March 2020 Quick Question Summary

March 2020 Quick Question Summary
Mar 31, 2020 1:18pm

Our March, 2020 Quick Question, "How does your facility measure extended half-life factor VIII concentrate therapy?" drew 24 votes, reflecting the number of laboratories serving Hemophilia and Bleeding Disorders services worldwide. Here are the answers:

A. One-stage clot-based FVIII assay 46% [11]
B. Two-stage chromogenic FVIII assay 42% [10]
C. We don't measure, assays are unreliable 8% [2]
D. Alternate method, see comment 4% [1, no comment was provided]


Thanks to our respondents. It appears there is a movement towards chromogenic factor VIII and factor IX assays, reflecting their desirable accuracy and precision. Our current reference method remains the one-stage PTT-based factor VIII assay, which may be used with the caveat that the reagent's formulation affects its FVIII accuracy. PTT reagents may employ micronized silica, polyphenols, ellagic acid, or kaolin as their negatively charged particulate activators and each responds differently to the several variant forms of EHL factor VIII, which may employ Fc fusion, PEGylation, VWF , or other "chaperone proteins." While it is true that several PTT reagents may report accurate EHL FVIII results if well-matched, the advantage of the the chromogenics is that they appear to recover varios EHL FVIIIs at a predicted 100% level. Refer to the open-access article, Church N, Leong L, Katterle Y, et al. Factor VIII activity of BAY 94-9027 is accurately measured with most commonly used assays: Results from an international laboratory study. Haemophilia 2018 DOI: 10.1111/hae.13564 [click or tap here], :/sites/default/files/bay_94-9027_assays_church_hemophilia_2019.pdf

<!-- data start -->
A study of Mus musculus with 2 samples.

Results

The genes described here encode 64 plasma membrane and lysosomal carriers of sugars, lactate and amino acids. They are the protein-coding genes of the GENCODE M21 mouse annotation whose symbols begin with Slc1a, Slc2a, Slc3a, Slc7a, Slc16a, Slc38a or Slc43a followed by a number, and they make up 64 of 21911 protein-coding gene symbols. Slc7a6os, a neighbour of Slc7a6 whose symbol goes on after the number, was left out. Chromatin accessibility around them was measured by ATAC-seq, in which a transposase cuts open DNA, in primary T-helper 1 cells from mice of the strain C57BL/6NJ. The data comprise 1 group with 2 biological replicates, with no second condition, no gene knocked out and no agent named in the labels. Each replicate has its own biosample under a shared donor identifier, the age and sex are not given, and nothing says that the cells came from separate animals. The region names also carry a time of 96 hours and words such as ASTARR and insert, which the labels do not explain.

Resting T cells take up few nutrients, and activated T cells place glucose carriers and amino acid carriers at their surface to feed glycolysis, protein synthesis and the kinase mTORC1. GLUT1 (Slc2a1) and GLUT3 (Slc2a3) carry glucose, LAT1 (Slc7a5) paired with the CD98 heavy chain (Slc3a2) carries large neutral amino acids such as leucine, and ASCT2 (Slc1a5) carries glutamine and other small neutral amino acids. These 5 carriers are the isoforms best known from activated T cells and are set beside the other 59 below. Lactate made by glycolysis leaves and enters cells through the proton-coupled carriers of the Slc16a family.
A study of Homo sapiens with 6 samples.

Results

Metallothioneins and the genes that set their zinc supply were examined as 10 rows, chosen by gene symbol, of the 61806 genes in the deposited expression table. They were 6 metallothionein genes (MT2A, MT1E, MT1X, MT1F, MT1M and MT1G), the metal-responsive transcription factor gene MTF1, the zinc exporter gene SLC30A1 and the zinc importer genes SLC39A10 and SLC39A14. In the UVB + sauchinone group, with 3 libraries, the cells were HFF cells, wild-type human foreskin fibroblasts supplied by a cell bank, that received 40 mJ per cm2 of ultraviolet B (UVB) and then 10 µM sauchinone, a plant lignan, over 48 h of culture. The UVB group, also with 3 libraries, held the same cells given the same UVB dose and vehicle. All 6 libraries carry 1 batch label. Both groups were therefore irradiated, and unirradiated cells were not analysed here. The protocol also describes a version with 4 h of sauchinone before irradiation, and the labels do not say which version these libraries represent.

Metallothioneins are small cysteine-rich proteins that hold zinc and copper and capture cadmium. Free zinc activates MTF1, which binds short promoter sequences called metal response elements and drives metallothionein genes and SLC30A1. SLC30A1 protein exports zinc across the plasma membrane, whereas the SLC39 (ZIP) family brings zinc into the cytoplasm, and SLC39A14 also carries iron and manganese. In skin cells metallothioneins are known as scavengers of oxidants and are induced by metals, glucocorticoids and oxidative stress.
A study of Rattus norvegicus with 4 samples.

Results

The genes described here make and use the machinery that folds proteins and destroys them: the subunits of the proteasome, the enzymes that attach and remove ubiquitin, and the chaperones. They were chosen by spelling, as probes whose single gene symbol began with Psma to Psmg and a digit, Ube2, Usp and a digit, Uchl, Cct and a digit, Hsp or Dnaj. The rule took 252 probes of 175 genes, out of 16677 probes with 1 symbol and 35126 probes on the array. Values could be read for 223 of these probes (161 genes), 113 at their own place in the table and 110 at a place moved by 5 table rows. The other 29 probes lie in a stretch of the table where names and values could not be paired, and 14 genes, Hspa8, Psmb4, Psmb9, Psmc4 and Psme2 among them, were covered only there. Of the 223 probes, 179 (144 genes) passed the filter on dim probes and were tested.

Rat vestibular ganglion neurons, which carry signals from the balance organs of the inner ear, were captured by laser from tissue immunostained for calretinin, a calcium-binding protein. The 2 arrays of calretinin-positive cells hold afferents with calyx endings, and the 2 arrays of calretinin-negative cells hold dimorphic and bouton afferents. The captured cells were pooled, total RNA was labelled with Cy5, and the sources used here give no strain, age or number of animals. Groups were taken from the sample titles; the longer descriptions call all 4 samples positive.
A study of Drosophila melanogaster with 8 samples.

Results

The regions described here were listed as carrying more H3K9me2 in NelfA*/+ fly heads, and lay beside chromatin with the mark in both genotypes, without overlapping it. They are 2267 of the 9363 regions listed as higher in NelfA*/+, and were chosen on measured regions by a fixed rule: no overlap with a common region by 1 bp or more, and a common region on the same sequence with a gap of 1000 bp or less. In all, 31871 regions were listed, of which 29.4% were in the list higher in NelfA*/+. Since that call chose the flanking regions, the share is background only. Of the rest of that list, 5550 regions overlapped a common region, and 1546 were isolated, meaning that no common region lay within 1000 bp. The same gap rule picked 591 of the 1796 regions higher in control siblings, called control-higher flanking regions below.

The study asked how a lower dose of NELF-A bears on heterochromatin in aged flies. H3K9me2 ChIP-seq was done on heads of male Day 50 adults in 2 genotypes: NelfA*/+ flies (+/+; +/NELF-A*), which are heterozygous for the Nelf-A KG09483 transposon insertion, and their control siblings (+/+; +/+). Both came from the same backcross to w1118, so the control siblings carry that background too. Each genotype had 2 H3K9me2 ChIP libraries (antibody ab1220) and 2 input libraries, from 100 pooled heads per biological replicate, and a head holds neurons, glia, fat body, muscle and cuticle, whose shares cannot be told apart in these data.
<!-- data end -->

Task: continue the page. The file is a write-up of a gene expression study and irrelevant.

Judging by feedback from George's local Hemophilia and Bleeding Disorders of Alabama, a branch of the National Hemophilia Foundation, many hemophiliac boys are now being switched to game-changer injectable emicizumab (HEMLIBRA®), whose efficacy extends for as long as one month with relatively few safety issues. HEMLIBRA causes new laboratory challenges that lead to our April, 2020 Quick Question [click or tap]. We look forward to your April responses.


A. One-stage clot-based FVIII assay 46% [11]
B. Two-stage chromogenic FVIII assay 42% [10]
C. We don't measure, assays are unreliable 8% [2]
D. Alternate method, see comment 4% [1, no comment was provided]


Thanks to our respondents. It appears there is a movement towards chromogenic factor VIII and factor IX assays, reflecting their desirable accuracy and precision. Our current reference method remains the one-stage PTT-based factor VIII assay, which may be used with the caveat that the reagent's formulation affects its FVIII accuracy. PTT reagents may employ micronized silica, polyphenols, ellagic acid, or kaolin as their negatively charged particulate activators and each responds differently to the several variant forms of EHL factor VIII, which may employ Fc fusion, PEGylation, VWF , or other "chaperone proteins." While it is true that several PTT reagents may report accurate EHL FVIII results if well-matched, the advantage of the the chromogenics is that they appear to recover varios EHL FVIIIs at a predicted 100% level. Refer to the open-access article, Church N, Leong L, Katterle Y, et al. Factor VIII activity of BAY 94-9027 is accurately measured with most commonly used assays: Results from an international laboratory study. Haemophilia 2018 DOI: 10.1111/hae.13564 [click or tap here], :/sites/default/files/bay_94-9027_assays_church_hemophilia_2019.pdf

Judging by feedback from George's local Hemophilia and Bleeding Disorders of Alabama, a branch of the National Hemophilia Foundation, many hemophiliac boys are now being switched to game-changer injectable emicizumab (HEMLIBRA®), whose efficacy extends for as long as one month with relatively few safety issues. HEMLIBRA causes new laboratory challenges that lead to our April, 2020 Quick Question [click or tap]. We look forward to your April responses.